As a writer, I often feel my weakest component is my character development — I just don’t feel my characters come to life on the page. That said, I’ve had reviewers comment on how real my characters appear, so maybe I’m being overly critical of my own work.
Whether you do a great job of character development or need some help, archetypes can fold characters into a story in a way that seems very natural.
What are archetypes?
Archetypes is a term given to characters (real or imagined) as part of storytelling by Carl Jung — the famous psychologist.
Here’s a great treatment of archetypes by Soul Craft:
The psychologist, Carl Gustav Jung, used the concept of archetype in his theory of the human psyche. He believed that universal, mythic characters—archetypes—reside within the collective unconscious of people the world over. Archetypes represent fundamental human motifs of our experience as we evolved; consequentially, they evoke deep emotions.
Although there are many different archetypes, Jung defined twelve primary types that symbolize basic human motivations. Each type has its own set of values, meanings and personality traits. Also, the twelve types are divided into three sets of four, namely Ego, Soul and Self. The types in each set share a common driving source, for example types within the Ego set are driven to fulfill ego-defined agendas.
I encourage you to read their illustrations of the 12 archetypes as you work toward building your characters and crafting your story.
Using archetypes in character development
Unsurprisingly to anyone who reads (and if you’re a writer or aspiring writer, you should be reading a lot), Jung discovered archetypes in literature across cultures and time periods which drove him to suggest these archetypes are universal elements of the psyche. [reference]
A popular archetype in character development is the hero. Often, much of the story revolves around the exploits of our hero and his transformational journey of redemption. But, don’t focus so much on the hero’s character development that the rest of your characters remain flat.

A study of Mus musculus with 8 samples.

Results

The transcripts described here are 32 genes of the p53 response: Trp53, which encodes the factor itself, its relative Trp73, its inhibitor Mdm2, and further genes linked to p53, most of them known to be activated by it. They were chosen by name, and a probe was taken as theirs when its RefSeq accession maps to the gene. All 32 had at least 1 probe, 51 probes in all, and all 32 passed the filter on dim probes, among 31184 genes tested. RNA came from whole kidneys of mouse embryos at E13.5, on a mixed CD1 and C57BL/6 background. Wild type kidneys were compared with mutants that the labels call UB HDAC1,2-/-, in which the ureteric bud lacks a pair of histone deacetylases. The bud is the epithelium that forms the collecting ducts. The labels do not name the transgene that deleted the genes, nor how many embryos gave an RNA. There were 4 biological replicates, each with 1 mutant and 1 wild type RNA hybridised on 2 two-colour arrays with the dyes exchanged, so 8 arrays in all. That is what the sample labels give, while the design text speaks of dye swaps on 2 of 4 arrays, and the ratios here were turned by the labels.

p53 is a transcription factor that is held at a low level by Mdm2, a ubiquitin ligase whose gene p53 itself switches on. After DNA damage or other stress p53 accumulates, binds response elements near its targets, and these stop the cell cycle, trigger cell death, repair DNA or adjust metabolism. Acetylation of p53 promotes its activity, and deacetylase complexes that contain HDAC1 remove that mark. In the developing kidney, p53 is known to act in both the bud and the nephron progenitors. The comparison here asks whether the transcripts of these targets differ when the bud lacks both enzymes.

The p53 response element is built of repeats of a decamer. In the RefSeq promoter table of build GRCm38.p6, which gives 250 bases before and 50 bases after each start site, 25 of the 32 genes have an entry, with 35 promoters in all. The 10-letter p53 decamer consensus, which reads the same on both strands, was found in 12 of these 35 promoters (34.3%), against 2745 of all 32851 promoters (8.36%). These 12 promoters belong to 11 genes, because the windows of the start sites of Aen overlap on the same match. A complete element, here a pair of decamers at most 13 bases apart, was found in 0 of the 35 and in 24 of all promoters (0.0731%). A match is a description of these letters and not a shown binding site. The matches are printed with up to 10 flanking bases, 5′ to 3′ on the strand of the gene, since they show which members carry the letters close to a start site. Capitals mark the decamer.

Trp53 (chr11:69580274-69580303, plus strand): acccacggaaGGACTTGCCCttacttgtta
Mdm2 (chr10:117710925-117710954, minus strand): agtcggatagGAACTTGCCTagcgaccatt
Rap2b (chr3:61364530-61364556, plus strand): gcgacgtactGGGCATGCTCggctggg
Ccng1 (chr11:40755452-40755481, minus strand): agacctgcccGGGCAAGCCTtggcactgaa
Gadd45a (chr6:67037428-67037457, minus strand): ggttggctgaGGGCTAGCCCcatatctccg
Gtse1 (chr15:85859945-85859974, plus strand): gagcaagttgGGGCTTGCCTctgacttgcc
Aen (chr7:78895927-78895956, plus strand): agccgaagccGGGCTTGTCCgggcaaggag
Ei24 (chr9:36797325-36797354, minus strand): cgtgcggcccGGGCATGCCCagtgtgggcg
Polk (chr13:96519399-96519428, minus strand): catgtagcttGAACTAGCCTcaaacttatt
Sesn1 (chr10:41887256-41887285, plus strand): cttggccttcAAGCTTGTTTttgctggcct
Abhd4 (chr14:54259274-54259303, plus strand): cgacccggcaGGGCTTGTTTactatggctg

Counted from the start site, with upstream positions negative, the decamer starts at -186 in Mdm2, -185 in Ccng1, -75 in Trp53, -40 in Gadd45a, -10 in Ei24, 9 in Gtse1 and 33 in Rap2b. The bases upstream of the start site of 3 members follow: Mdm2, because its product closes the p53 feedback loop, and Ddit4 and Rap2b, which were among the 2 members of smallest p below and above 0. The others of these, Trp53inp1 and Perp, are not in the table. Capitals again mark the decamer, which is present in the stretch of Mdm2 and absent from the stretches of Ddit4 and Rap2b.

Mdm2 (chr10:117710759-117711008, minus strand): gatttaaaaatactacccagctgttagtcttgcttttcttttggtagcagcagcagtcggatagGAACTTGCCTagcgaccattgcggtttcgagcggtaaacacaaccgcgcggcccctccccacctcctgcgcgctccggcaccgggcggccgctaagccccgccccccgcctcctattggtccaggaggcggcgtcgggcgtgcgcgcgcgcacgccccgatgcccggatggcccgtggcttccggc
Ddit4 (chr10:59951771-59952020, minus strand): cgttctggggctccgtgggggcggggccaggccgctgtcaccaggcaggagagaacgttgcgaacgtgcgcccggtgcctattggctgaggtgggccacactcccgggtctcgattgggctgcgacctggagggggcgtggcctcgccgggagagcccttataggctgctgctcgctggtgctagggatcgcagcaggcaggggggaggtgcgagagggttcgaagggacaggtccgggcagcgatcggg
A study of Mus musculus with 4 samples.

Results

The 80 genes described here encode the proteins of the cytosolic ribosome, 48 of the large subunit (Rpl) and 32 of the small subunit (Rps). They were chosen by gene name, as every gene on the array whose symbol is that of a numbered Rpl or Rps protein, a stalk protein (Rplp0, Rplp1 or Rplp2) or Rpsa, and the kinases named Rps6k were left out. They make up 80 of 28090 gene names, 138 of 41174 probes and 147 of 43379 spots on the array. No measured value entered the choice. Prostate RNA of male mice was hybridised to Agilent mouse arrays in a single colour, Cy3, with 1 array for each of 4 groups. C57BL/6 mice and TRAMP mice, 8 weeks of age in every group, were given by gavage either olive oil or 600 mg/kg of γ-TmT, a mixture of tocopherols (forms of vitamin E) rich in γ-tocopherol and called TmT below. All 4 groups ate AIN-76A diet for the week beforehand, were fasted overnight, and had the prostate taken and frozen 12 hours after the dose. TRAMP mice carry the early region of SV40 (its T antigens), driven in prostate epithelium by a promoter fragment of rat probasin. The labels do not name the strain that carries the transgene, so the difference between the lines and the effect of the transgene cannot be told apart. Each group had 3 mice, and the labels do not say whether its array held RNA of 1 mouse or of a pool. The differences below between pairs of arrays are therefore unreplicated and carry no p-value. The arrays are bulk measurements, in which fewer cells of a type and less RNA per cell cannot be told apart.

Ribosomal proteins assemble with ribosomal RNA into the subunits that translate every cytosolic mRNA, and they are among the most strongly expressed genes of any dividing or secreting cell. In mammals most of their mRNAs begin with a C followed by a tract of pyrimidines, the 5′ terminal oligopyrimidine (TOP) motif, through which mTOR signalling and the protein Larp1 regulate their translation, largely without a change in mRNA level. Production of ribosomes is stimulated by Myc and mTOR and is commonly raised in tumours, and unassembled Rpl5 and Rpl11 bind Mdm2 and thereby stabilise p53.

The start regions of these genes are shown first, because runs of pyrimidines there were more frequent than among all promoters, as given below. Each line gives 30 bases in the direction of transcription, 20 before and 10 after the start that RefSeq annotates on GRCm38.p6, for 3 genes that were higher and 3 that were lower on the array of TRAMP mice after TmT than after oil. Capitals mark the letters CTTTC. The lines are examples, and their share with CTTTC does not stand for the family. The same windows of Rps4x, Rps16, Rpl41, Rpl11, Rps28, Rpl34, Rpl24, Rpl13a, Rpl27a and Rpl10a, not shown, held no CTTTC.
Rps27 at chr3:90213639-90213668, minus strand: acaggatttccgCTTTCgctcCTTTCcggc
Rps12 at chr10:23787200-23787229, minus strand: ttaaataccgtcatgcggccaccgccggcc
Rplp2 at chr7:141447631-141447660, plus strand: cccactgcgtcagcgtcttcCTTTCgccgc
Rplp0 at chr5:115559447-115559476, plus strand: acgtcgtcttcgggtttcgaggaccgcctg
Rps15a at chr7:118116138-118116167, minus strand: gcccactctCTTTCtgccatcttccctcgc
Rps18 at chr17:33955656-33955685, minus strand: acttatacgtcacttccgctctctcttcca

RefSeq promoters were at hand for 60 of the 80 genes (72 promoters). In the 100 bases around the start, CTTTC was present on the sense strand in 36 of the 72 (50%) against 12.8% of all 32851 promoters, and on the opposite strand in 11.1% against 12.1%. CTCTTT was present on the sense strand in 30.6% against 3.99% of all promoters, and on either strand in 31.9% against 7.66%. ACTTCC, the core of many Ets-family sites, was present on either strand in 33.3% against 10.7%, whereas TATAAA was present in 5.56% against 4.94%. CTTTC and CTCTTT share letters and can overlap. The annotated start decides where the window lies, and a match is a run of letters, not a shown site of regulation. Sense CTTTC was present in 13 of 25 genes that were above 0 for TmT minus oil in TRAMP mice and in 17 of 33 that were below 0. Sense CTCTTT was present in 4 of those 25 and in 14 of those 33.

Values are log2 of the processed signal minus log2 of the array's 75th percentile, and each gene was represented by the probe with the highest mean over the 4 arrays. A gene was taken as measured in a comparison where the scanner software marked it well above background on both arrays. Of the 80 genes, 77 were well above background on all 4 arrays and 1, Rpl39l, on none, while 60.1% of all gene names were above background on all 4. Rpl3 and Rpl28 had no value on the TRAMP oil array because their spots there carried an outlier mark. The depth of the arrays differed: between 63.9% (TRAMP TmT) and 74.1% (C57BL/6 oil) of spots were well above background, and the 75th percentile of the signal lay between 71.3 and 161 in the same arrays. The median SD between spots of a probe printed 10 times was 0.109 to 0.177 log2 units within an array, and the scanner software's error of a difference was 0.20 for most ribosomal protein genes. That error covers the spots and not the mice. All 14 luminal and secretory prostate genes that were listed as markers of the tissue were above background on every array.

In fact, an archetype doesn’t have to be a single character, but might be a symbol, theme, or plot pattern.
Also, consider that individuals are often a mixture of different archetypes depending on context, so it is important to show growth and don’t fit your characters too rigidly into a single archetype.
Other aspects of character development
Not all of us want to write novels where we spend most of our words getting into a character’s head. But, that doesn’t mean we don’t need strong character development.
In addition to using archetypes to guide you, I found these great tips from Tom Pawlik, author of Beckon and other suspense thrillers. He offers 9 steps in character development:
- Communication style
- History – or backstory
- Character defects
- Restrictions they must overcome
If you’d like to read more about his character development, simply check out his article here.
5 traps in character development
Just as important as using these tools is avoiding pitfalls when creating characters. Here are some pitfalls I found particularly insightful: [reference]
- Avoid 1 dimensional characters — no one is 1 dimensional so they don’t seem real.
- Avoid stereotypical characters
- Don’t make your characters too perfect – no one is all good, so let them do something bad occasionally
- Be consistent. We’ve all read a story or watched a show and thought “that person would never do that”. Inconsistency is jarring for the reader. This is where editing comes in. I keep a little notebook of my characters to ensure consistency.
- Don’t make your characters dull. No one will care about them
‘Buried Ladies’ is a novel of murder, mystery and the dark web. Read it for FREE at: http://buriedladies.com/read. I’d love your comments.